Investors continued to pile back into the global stock markets on Monday, sending the precious metals modestly lower.
The gold price fell about 0.5% (-$6) to below $1,317 per ounce.
Gold tumbled from as high as $1,324/oz overnight.
Similar action was seen with silver. The silver price was off by 0.8% (-13¢) to $16.44/oz.
Meanwhile, platinum was down 0.7%, sliding below $960/oz. Palladium slumped by almost twice as much (-1.3%), trading back at $980/oz.
U.S. Equities Extend Gains on Monday
An especially strong nonfarm payrolls lifted U.S. markets on Friday.
Not only did the Dow Jones cross back above 25,000 for the first time since the final trading session of February, but the Nasdaq hit an all-time high.
The risk-on sentiment still pervaded stock exchanges on Monday morning. Wall St opened comfortably in the green.
Bonds are seeing their weakest demand since 2009 amid this chase for returns.
A large tranche of $62 billion in new debt will be auctioned by the Treasury Department this week, as well.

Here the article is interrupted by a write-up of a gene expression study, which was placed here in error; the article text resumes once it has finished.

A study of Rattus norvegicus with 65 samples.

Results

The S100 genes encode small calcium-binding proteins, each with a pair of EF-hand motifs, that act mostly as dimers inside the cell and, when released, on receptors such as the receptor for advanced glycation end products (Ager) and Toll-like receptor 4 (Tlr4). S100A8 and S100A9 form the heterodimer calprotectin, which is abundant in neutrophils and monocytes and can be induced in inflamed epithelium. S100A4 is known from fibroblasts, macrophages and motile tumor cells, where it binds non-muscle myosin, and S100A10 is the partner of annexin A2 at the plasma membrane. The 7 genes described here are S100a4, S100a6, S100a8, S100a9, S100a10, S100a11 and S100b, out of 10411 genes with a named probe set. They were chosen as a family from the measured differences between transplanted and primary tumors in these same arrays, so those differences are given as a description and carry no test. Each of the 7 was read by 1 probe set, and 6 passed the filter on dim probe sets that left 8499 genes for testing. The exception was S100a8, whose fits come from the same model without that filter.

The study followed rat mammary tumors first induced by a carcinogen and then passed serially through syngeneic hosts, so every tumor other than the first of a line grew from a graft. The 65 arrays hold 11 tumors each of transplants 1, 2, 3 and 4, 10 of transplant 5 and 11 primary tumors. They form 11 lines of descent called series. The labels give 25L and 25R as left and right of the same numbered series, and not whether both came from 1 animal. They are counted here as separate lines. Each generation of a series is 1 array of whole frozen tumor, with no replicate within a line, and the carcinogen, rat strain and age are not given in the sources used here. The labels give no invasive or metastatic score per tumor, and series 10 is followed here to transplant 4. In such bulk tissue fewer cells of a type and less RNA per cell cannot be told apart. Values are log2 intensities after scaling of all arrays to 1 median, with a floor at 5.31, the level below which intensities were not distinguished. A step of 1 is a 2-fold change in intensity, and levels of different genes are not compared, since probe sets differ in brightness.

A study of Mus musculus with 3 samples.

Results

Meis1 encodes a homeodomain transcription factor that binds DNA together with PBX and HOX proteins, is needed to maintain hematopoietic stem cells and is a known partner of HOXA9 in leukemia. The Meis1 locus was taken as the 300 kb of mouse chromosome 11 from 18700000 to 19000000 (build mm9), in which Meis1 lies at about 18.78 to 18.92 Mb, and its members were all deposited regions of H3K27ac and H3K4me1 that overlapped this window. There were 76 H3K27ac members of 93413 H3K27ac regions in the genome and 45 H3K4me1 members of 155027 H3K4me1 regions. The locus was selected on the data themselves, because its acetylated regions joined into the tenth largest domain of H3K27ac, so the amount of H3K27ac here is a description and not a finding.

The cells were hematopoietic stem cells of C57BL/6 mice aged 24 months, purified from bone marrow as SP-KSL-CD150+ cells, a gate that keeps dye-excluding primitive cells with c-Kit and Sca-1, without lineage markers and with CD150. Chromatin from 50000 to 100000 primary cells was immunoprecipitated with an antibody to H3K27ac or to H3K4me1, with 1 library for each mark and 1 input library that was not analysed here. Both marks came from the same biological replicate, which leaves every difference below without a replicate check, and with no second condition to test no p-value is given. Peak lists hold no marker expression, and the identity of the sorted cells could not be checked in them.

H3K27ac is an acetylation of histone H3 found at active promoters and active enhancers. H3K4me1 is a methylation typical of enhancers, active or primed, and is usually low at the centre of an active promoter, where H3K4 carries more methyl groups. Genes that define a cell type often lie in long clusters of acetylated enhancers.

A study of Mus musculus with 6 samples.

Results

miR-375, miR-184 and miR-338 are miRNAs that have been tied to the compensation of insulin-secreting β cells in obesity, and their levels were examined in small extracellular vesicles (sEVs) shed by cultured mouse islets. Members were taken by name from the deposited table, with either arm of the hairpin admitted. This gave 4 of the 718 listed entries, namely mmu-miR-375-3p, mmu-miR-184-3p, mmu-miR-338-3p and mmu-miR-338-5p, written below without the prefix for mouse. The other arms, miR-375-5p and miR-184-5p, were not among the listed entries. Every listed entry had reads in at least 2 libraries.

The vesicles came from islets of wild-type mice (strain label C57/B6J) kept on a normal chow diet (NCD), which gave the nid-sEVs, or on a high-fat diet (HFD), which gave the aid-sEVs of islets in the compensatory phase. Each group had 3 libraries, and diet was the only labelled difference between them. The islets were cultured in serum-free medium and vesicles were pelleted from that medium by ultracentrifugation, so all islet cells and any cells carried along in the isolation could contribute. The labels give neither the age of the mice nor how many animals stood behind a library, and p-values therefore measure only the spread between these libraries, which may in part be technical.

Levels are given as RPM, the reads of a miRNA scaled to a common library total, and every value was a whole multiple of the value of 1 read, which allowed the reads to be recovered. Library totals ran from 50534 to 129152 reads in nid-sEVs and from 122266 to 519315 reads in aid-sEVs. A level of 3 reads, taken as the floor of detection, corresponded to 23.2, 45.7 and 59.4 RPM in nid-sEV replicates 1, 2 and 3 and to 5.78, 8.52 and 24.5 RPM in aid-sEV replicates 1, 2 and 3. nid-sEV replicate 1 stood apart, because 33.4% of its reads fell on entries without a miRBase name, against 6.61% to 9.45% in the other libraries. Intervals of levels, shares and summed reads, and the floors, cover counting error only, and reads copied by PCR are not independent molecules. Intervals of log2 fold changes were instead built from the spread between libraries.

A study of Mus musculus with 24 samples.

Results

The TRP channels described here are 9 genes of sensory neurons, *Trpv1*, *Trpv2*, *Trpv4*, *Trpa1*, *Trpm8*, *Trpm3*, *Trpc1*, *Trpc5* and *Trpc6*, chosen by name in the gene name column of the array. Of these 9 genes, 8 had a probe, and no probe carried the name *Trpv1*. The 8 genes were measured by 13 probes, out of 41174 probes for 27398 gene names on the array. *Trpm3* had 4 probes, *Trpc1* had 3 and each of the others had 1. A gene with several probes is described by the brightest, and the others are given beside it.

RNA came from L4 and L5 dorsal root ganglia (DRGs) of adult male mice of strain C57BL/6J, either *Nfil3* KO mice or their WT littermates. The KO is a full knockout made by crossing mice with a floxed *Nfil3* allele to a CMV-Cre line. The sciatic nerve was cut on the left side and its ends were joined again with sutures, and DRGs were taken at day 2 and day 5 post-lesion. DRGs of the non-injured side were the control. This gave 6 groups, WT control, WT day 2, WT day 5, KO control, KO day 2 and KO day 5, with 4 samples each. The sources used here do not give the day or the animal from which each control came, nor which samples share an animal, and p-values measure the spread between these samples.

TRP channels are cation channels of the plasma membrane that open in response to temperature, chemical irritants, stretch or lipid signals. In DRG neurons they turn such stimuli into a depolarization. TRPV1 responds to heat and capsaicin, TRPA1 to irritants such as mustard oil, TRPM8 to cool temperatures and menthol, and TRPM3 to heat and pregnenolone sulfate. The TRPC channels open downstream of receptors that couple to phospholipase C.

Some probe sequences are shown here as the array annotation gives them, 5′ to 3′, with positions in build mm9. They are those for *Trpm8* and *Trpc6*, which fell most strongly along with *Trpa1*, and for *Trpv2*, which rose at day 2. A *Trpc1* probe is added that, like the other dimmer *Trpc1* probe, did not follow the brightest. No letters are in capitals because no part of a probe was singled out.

The 10-year T-note yield was unchanged at 2.89%.
Market expectations for higher interest rates in 2018 remained strong.
This perspective picked up more steam as noted policy dove Lael Brainard, a member of the Fed’s Board of Governors, shifted toward a more hawkish outlook in a speech last week.
The U.S. dollar was also flat around 90.1 on the DXY index for the second straight session.
Global Markets Follow Wall St Higher
Across the Atlantic, the British pound sterling was up 0.3% against the dollar to just shy of $1.39.
The yen also gained 0.3% to ¥106.5. The euro held unchanged at $1.23.
Shares moved modestly higher in Europe but were down 0.2% in London.
Coincidentally, the latest data showed that housing prices in London fell by most since 2009. It remains one of the most expensive metro areas in the world, nonetheless.
In “trade war” news, the EU and Japan will pursue exemptions from President Trump’s recently announced tariffs.
Copper was off 0.4% but aluminum prices only traded 0.1% in the red.
Indices surged in Tokyo, where the Nikkei 225 closed up 1.65% and the TOPIX jumped 1.5%.
Stocks also rallied 1.9% in Hong Kong. The Shanghai Composite was only up modestly by 0.45%, however.
The world’s largest-ever initial public offering (IPO) by the state-owned oil giant Saudi Aramco will likely be delayed until 2019. The size of the IPO is estimated to top $2 trillion.
In the meantime, crude oil oscillated again: both global benchmarks sank 1% on Monday after a dramatic 3% rally to close out last week.
Prices slipped on reports of record-high U.S. oil output and disunity within OPEC.
WTI crude traded at $61.44/bbl while Brent crude was at $64.83/bbl.